Every calf on the Thrive programme is AI-sired from herds with a known health status. The programme is returning to these herds year after year and therefore we can be confident that calf and colostrum management on the farms of origin is excellent.

Mortality across the entire programme has been running at under 4% for the last three years which speaks for itself.

On arrival to the demo farm, the majority of calves are between two and three weeks old.

Most calves are within an hour’s drive from the farm, so there is little stress on the calf when they arrive. The typical protocol is that they receive their morning feed on the dairy farm, are loaded on to the trailer mid-morning and are on the demo farm by lunchtime.

They are housed in batches of 10 and allowed to settle into their new surroundings and receive their first feed that evening.

From arrival, calves have access to a starter ration to encourage meal intake, a fibre source in the form of barley straw in a rack and a constant source of fresh clean water.


The next day calves receive an intranasal pneumonia vaccination (RSV and Pi3). Later in the rearing phase they will receive a two shot, clostridial vaccination one month apart.

After around three weeks of twice-a-day feeding, the calves will move to bigger pens of 35 calves per group. At this stage, the calves are between five and six weeks old and they are transitioned on to once-a-day feeding. This changeover encourages greater meal intake which sees calves eating 1kg/day concentrate much earlier in the rearing phase. This helps to develop the rumen and eases the transition from a milk to forage diet.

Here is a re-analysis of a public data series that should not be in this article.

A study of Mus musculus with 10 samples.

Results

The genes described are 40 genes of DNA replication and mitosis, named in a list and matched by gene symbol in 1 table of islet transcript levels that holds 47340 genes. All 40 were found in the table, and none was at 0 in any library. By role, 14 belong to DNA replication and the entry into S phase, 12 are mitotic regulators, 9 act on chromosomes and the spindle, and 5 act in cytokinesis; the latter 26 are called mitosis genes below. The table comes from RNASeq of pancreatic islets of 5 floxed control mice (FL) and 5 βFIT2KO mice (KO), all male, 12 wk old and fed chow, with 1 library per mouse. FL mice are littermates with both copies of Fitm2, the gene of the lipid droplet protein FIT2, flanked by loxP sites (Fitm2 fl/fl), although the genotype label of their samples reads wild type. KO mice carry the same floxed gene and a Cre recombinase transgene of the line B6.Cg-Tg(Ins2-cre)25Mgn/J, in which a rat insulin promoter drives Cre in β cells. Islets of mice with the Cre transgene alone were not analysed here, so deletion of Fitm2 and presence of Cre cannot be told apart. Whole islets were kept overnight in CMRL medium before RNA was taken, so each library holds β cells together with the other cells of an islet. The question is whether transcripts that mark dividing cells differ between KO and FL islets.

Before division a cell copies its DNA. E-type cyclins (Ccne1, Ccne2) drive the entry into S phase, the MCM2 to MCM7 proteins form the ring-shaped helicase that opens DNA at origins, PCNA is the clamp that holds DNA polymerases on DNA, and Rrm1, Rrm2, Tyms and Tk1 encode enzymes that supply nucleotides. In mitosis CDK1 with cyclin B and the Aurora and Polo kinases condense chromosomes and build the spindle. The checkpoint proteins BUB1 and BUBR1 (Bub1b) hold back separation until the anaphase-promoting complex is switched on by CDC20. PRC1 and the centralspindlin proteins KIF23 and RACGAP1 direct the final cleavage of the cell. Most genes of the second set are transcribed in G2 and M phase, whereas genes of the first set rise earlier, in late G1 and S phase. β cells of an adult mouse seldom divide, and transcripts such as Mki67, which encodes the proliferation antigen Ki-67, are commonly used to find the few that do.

Vaccination plays a key role in animal health on the farm but you still need to be vigilant at all times.

Calves are susceptible to chills and a cold night or a northerly wind can be enough to see some calves run temperatures.

John Hally is a master at spotting a sick calf at the earliest sign. This is key to keeping calves alive and thriving. John would say that it is very easy to cure a calf if they have been vaccinated and once you get them in time.

Thrive Farm. \ Philip Doyle


Once the weather is suitable, calves will be allowed out by day to paddocks around the yard and come back in at night. This eases the transition to grass and prepares the calf for turnout.

Once they are eating 1kg/day concentrate and are over 10 weeks old, they will start to be weaned if they are fit. This is in the region of 85kg to 90kg for early-maturing heifers, up to 105kg for late-maturing steers.